Higher Disease Activity in Early RA Predicts Increased Cardiovascular Disease Risk


Baseline serum cartilage oligomeric matrix protein (COMP) may effectively predict the risk of developing cardiovascular disease (CVD) and coronary artery disease (CAD) in patients with early rheumatoid arthritis (RA), according to a study published in BMC Rheumatology.1 This risk was amplified in patients with active disease activity after 2 years post-diagnosis, as well as cumulative disease activity, which was independent of traditional CVD risk factors.

“In the recently updated European Alliance of Associations for Rheumatology (EULAR) recommendations, it is suggested that general population CVD risk algorithms should be adapted for patients with RA with an 1.5 multiplication factor for all patients,” wrote lead investigator Emil Rydell, MD, associated with the Rheumatology Department of Clinical Sciences at Lund University, Sweden, and colleagues. “This method estimates risk on a group level and does not take into consideration disease associated factors that influence risk among RA patients. There is a need for improved individual prediction of CVD in RA.”

COMP, an indicator of cartilage turnover, is found in both the synovial joints and arterial walls and is commonly more abundant in atherosclerotic plaques. The potential link between RA and CVD had yet not been analyzed, although previous research has showed an association between serum-COMP and joint damage progression.2

To investigate whether COMP, patient characteristics, CVD risk factors, and disease activity predict CVD in this patient population, a total of 233 patients with early RA were recruited from the rheumatology outpatient clinic of Skåne University Hospital Malmö in Sweden. After a baseline evaluation, subjects received follow-up appointments at 6 months, 1 year, and 2 years in which blood samples were analyzed and disease activity was monitored. Disability was determined via the Swedish Health Assessment Questionnaire (HAQ).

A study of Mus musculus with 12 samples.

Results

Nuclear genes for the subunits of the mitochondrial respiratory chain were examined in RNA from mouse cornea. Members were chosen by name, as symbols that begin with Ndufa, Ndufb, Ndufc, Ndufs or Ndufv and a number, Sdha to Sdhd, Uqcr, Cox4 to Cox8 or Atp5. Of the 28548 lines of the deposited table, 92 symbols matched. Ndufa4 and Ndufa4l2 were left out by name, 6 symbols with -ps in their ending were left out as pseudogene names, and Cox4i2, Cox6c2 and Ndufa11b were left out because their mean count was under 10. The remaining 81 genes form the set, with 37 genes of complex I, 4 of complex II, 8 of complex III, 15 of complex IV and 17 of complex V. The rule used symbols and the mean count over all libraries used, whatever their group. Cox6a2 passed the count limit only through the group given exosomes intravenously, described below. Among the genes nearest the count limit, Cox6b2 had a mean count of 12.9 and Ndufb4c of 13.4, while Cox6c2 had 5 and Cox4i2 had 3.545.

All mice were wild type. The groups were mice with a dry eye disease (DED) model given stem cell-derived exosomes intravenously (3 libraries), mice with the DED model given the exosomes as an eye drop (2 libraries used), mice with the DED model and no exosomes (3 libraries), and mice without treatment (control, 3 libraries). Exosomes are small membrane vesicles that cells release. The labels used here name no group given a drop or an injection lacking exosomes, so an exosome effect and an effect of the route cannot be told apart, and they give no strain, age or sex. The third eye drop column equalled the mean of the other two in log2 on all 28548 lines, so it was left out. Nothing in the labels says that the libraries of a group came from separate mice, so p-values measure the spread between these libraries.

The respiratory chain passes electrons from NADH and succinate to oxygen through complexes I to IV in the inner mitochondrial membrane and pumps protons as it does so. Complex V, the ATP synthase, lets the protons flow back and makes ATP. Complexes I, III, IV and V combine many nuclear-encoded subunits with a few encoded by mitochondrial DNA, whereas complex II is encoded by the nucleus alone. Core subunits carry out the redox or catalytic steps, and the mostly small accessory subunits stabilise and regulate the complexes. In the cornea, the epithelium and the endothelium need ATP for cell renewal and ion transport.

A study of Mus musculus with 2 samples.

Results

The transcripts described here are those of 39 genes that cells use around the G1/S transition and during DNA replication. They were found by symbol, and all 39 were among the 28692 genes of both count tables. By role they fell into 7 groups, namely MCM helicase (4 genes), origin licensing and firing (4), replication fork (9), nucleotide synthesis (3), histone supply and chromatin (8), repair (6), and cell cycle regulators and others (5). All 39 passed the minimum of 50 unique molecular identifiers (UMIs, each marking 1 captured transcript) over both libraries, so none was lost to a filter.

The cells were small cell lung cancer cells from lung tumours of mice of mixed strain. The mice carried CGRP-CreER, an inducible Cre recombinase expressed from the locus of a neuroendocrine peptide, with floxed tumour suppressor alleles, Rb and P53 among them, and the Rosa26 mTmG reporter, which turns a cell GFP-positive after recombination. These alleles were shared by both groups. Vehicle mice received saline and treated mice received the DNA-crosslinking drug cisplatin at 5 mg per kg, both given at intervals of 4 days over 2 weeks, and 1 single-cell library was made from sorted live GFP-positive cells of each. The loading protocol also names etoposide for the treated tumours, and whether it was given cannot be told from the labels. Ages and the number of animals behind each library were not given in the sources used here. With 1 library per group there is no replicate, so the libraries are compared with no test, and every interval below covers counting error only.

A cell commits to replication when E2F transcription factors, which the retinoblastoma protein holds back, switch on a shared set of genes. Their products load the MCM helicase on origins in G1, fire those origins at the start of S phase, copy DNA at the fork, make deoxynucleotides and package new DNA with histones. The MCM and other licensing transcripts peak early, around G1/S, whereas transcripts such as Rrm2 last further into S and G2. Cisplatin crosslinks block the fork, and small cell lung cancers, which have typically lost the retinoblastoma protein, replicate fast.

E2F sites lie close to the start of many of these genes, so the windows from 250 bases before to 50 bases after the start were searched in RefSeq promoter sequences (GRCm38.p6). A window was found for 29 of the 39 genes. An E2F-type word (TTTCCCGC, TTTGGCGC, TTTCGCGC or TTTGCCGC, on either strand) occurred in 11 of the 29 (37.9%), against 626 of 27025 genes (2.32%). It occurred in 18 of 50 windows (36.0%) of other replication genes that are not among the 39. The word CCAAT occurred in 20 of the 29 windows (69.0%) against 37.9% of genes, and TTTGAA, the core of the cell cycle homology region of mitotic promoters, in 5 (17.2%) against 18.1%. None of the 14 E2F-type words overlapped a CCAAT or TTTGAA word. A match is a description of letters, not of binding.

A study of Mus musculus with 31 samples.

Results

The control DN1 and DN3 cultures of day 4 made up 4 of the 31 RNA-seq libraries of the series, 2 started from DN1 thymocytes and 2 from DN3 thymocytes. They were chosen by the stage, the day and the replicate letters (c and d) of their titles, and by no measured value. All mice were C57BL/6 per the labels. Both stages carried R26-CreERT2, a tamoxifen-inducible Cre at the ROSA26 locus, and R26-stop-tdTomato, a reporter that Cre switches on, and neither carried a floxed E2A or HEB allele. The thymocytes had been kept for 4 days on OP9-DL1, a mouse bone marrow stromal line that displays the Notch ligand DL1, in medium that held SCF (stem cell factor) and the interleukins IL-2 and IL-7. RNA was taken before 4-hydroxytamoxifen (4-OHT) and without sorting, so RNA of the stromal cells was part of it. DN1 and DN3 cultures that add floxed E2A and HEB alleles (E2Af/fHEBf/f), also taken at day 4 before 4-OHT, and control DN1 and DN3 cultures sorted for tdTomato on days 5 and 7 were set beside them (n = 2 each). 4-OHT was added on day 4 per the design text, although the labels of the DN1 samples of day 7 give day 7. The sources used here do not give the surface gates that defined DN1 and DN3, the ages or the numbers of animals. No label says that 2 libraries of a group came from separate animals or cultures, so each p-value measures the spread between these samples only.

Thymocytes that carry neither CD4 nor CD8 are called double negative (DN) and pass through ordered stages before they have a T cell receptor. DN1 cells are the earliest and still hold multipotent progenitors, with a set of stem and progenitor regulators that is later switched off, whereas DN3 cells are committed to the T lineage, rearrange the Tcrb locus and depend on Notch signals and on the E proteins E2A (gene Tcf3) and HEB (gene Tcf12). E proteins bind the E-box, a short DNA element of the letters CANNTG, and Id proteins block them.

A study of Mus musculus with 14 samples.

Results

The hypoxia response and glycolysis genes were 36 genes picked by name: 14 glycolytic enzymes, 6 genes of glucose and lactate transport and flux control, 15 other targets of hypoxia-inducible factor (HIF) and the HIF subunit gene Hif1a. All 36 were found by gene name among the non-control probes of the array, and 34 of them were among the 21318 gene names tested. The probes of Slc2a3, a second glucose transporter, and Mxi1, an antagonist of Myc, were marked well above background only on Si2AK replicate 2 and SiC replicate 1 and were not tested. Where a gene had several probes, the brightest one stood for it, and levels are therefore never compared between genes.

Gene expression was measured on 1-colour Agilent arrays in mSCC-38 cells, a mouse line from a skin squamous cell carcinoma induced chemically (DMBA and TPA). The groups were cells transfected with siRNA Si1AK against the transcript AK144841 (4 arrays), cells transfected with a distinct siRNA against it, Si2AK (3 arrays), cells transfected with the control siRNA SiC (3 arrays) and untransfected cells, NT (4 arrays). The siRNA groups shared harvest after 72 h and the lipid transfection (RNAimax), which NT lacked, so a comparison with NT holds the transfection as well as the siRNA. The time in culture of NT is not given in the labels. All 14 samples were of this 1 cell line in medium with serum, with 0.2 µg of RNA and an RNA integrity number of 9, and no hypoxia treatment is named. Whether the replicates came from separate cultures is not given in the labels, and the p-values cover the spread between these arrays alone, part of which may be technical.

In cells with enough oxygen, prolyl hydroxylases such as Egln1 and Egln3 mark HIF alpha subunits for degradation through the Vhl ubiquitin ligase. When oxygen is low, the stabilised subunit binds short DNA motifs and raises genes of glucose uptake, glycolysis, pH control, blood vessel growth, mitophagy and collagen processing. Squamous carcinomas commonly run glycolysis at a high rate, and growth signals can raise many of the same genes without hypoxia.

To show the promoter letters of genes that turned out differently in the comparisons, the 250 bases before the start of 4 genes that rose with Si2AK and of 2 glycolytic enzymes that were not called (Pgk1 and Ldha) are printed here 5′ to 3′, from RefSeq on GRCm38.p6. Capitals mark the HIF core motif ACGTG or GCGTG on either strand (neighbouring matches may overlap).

Data including height, weight, smoking status, other traditional CVD risk factors, and the time from symptom onset to the initiation of disease-modifying antirheumatic drug (DMARD) treatment were collected. The primary outcome was the first diagnosis of CVD during the follow-up period, while secondary endpoints included the first diagnosis of each CVD subcategory: CAD, cerebrovascular disease, or peripheral artery disease.

During the follow-up period, a CVD diagnosis occurred in 70 patients, while CAD was diagnosed in 52. Predictors of CVD and CAD included hypertension, diabetes, increased age, and male sex. Serum-COMP was linked to an increased risk of both CVD and CAD (crude hazard ratios [HRs] per SD 1.45; 95% confidence interval [CI] 1.17 – 1.80 and 1.51; 95% CI 1.18 – 1.92, respectively). However, when adjusted for hypertension, sex, age, erythrocyte sedimentation rate (ESR), and diabetes, results were comparable but not deemed significant (HRs 1.32, 95% CI .99 – 1.74 and 1.35, 95% CI .99 – 1.86).

The baseline disease activity was not shown to independently predict the diagnosis of CVD, although a Disease Activity Score-28 (DAS28) score of >5.1 at 2 years post-diagnosis was linked with subsequent CVD (adjusted HR 2.58; 95% CI 1.10 – 6.04) and CAD. Additionally, ESR and C-reactive protein (CRP), in addition to cumulative disease activity over a 2-year span were proven to be independent predictors of CVD and CAD.

Investigators noted the small sample size as a limitation of the study, as it affected the statistical power needed for the multivariate analysis. Further, subjects were included in the study prior to or shortly after biologic DMARD treatment initiation and were classified according to dated American College of Rheumatology (ACR) criteria. Therefore, results may not be reflective of patients diagnosed using more recent criteria and those treated using a treat-to-target strategy.

“Awareness of the particularly increased CVD risk among difficult to treat patients is important in order to further reduce CVD in RA,” investigators concluded.


  1. Rydell E, Jacobsson LT, Saxne T, Turesson C. Cardiovascular disease risk in early rheumatoid arthritis: the impact of cartilage oligomeric matrix protein (COMP) and disease activity. BMC Rheumatol. 2023;7(1):43. Published 2023 Dec 1. doi:10.1186/s41927-023-00367-2
  2. Forslind K, Eberhardt K, Jonsson A, Saxne T. Increased serum concentrations of cartilage oligomeric matrix protein. A prognostic marker in early rheumatoid arthritis. Br J Rheumatol. 1992;31(9):593–8.